Monday, April 22, 2013

Making the Most of the Principal Residence Exemption

Canadians don’t have to pay capital gains taxes on their principal residences. However, the definition of “principal residence” is quite flexible making it possible for families who own a second property, such as a cottage, to save substantial amounts on their taxes.

Douglas Gray and John Budd, in their book The Canadian Guide to Will and Estate Planning, explain that your principal residence isn’t necessarily your “main place of residence.” If you own a vacation property, “as long as you, your spouse or at least one of your children occupy the vacation property for some period or periods of time during the year, that is enough to bring you within the principal residence definition.”

“The fact that you show your home address on your income tax return does not mean that you are designating your house as your principal residence.” Further, “it is not generally necessary for you to decide which property is to be designated as the principal residence for capital gains tax purposes until the year that either property is sold or disposed of.”

Calculating your taxes owing on a property sale begins in the usual way by taking the proceeds of disposition and subtracting your adjusted cost base to get the capital gains amount. Then you get to reduce this capital gains amount by the “exemption fraction,” which is based on the number of years it was your principal residence. The exemption fraction is

1 + number of years after 1971 the property is designated as your principal residence

divided by

number of years after 1971 you owned the property.

Partial years count as full years in this fraction. The purpose of the “1+” in the numerator is presumably to deal with the fact that a family with just one property may move in the middle of the year, but only be allowed to designate one of their homes as their principal residence for that year.

An Example

Sue and Bob bought their home in 1994 and a cottage in 2004. They sold both in 2013 for a $200,000 gain on the house and a $150,000 gain on the cottage. They owned the house for 20 years and the cottage for 10 years.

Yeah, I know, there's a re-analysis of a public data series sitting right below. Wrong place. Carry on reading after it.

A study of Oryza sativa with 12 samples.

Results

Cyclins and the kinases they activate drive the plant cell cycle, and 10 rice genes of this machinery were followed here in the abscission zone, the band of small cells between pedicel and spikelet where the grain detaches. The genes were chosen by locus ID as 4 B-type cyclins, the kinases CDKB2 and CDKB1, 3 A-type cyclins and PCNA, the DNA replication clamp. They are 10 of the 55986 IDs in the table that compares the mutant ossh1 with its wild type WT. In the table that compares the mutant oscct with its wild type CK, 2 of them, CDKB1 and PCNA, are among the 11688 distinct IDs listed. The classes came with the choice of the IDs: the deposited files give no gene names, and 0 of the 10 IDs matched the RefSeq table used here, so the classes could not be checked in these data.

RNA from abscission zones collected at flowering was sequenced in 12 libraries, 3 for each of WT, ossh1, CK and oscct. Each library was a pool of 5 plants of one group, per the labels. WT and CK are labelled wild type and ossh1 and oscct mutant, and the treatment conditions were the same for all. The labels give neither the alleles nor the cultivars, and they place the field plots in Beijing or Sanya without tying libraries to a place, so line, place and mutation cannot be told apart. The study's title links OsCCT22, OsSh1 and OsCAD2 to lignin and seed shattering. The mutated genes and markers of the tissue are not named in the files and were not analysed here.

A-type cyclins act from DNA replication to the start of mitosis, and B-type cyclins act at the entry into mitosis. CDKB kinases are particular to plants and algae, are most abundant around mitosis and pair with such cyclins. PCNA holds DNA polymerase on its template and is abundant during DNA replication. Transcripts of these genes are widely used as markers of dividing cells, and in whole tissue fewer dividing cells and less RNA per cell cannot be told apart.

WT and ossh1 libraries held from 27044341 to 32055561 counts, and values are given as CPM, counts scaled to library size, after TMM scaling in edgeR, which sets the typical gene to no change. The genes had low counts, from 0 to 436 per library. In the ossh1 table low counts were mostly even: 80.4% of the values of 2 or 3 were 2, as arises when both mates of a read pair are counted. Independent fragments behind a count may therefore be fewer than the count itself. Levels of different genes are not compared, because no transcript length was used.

If they designate the house as their principal residence for the entire 20 years, they will have to pay capital gains taxes on the cottage gain of $150,000. But, look at what happens if they designate the cottage as their principal residence for 9 years and the house for 11 years:

Cottage exemption fraction = (1 + 9)/10 = 100%.

House exemption fraction = (1 + 11)/20 = 60%.

Now the cottage gain is entirely tax-free and they only have to pay capital gains taxes on 40% of the $200,000 house gain, or $80,000. This is a reduction in capital gains of $70,000 compared to declaring the house as their principal residence for the entire 20 years. Assuming Sue and Bob pay 23% capital gains taxes, they save $16,100.

For families with vacation properties, it definitely pays to understand these rules when it comes time to sell homes and cottages.

I am not a tax expert. I relied on the information in Gray and Budd’s book to construct this example. Seek professional tax advice, particularly when dealing with large sums of money.


  1. Interesting concept. I wonder how you accurately get an assessment, though, for the house value at the time it ceases to be your principal residence. I guess that's where you call in the experts to help.

    1. @Bet Crooks: According to the authors, there is no need for an assessment. You just calculate the capital gain in the usual way as though the concept of a principal residence didn't exist and then reduce this gain according to the number of year the residence was and was not your principal residence.

      To make this more clear, suppose that you buy a house and use it as your principal residence for 10 years and then not your principal residence for 5 more years. You might think that you pay capital gains taxes on the gain over the last 5 years, but this isn't the case. What you actually pay is 1/3 of the gain over the last 15 years. So, there is no need for an assessment after the first 10 years.

    2. Interesting! Usually the government are sticklers for claiming things in the years they actually happened. Since house prices don't rise linearly, I had thought they would force you to use a real assessment at the various key dates. I guess it's another example of why it can be valuable to call on the experts for advice when there are big $$$ in taxes to be paid (or avoided.)